Chef Curtis Ellis leads a culinary class during Fall Flavours


Every time I think of Prince Edward Island, I start humming the tune “Food, Glorious Food,” from the musical, Oliver! Then I start fantasizing about what’s in store during Fall Flavours. For a foodie like me, there’s plenty.


It all started back in 2008 when Tourism Charlottetown created a six-day program featuring scores of culinary and cultural events. For example, folks could sign up to haul lobsters on a boat or to dig potatoes and have dinner with field hands on the farm.


The success of the program took the locals by surprise. After all, if you’re slogging around a muddy potato field or freezing your butt on a lobster boat, it’s hard to picture what’s so exotic about potatoes and lobsters. Yet the penny dropped: visitors, including yours truly, love to eat. We especially love to eat good local food. Toss in some fun learning experiences and voila! A recipe for success. Now, Fall Flavours spans the entire month of September and features approximately 75 culinary and signature events and over 200 island experiences.


Last year, my sister Carmen and I signed up for a 3-hour class with Chef Curtis Ellis in Charlottetown. We minced, chopped, seared, folded, beat and seasoned our way through his kitchen at Simple Pleasures, PEI Catering, producing a meal fit for pharaohs. It would take pages to describe it all but imagine this: smoked salmon appetizer served with sour cream instead of cream cheese (chef says it’s best and we agree—try it!); an amazing mussel chowder with feta cheese, homemade pesto and homemade grainy mustard; lobster and wild mushroom pasta accompanied by a baked lobster tail; seared beef tenderloin and seared salmon, artfully arranged on top of oven-roasted potatoes and topped with baked eggplant and tomato chutney. Mustn’t forget desert—chocolate mouse with whipped cream and fresh blueberries. We waddled our way out, promising to return.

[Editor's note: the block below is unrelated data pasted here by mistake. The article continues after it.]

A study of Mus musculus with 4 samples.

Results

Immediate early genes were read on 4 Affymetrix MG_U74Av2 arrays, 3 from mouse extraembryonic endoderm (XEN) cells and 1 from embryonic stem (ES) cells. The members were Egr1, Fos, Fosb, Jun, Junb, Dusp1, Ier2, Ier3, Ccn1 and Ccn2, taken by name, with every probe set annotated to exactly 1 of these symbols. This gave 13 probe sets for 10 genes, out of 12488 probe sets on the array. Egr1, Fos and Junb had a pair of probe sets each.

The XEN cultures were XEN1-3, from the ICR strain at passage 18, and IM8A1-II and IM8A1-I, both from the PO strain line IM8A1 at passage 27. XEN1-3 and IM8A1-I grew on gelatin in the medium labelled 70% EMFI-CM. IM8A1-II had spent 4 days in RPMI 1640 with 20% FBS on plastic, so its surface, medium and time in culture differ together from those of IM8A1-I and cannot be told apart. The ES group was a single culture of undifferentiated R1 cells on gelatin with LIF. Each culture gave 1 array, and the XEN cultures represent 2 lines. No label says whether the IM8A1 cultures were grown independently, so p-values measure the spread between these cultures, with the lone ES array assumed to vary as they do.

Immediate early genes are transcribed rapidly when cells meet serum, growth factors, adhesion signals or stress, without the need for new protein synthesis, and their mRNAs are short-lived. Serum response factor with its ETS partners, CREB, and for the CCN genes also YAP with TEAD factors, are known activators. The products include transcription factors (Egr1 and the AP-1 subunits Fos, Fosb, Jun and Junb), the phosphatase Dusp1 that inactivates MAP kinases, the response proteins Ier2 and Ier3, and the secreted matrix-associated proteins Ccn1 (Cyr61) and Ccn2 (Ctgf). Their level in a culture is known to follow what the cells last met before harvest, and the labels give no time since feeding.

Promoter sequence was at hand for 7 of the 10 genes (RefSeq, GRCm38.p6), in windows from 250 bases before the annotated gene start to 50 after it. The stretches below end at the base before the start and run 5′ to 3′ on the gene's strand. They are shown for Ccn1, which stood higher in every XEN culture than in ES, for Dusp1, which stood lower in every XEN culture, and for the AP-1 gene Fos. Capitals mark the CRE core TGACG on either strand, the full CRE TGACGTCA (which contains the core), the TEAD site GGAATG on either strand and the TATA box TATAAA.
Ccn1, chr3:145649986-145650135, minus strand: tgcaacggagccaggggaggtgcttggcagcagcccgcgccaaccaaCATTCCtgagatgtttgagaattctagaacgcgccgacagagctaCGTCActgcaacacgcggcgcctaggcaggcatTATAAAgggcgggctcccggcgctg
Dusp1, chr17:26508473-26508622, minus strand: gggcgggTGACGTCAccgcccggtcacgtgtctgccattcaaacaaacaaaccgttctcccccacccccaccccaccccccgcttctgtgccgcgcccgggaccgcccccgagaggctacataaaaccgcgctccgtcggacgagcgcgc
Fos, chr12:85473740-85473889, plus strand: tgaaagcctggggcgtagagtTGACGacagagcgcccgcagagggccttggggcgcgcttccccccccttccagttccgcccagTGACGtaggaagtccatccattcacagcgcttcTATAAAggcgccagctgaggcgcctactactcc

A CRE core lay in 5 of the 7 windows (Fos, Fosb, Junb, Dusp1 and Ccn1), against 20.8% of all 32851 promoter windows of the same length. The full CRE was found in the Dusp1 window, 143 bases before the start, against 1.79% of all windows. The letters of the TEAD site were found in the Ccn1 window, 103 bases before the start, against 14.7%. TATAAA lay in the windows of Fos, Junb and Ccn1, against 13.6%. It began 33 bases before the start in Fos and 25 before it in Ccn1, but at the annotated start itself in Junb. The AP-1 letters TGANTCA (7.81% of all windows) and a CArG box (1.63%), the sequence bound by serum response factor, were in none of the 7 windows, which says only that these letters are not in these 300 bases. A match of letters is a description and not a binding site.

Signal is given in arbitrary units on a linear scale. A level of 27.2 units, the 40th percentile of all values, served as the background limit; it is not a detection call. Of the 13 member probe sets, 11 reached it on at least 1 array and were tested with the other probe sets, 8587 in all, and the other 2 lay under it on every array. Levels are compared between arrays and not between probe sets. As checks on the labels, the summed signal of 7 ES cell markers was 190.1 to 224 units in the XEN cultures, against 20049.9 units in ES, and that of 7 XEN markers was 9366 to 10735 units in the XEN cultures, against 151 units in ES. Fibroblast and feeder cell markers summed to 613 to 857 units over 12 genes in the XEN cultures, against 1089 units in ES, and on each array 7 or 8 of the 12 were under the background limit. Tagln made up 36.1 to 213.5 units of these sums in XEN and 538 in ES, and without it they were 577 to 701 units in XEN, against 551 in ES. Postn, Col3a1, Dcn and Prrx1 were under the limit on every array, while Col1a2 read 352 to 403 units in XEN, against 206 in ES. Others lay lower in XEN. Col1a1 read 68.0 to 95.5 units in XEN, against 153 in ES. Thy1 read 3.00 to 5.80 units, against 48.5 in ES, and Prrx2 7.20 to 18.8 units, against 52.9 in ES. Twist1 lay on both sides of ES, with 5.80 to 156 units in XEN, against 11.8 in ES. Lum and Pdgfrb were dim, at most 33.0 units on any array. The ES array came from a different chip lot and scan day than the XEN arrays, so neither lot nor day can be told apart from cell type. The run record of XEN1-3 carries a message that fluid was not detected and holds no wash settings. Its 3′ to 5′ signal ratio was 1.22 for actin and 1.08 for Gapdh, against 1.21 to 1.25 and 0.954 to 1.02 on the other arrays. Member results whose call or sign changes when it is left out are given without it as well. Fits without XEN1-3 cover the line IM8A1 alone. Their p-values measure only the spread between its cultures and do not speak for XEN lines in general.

Are culinary experiences limited to the month of September? No. In fact, many of these experiences are on tap from May until October. When my husband and I visit every summer, we sign up for one of the “Experience PEI” activities. One of our favourite “Experience PEI” gigs was Tong and Shuck, where we ventured out in an oyster dory and tried our hand at tonging (harvesting oysters).


I was hopeless, but managed to look pitiful enough for the harvester to give me several oysters to taste, along with an oyster-shucking lesson. Bonus: after the excursion we were invited inside to enjoy more oysters, local wine, and one of the company’s products called “Oysters Rocky Fellas.” I was so impressed I toyed with the idea of applying for a job on the production line but came to my senses when it dawned on me that having unlimited access to these delicacies wouldn’t be part of the deal.


For a complete listing of food related activities, farmers, fishers, farmers markets and artisan producers along the province’s “culinary trail” visit If you are pressed for time, sign up for “Taste the town.” It’s a memorable three-hour culinary walking tour in downtown Charlottetown tasting everything from oysters to chocolate-dipped potato chips, COWS ice cream, craft beer, mussels and artisan liquors.


So there you have it: a veritable smorgasbord. And, as Oliver belted out, “… worth a king’s ransom!”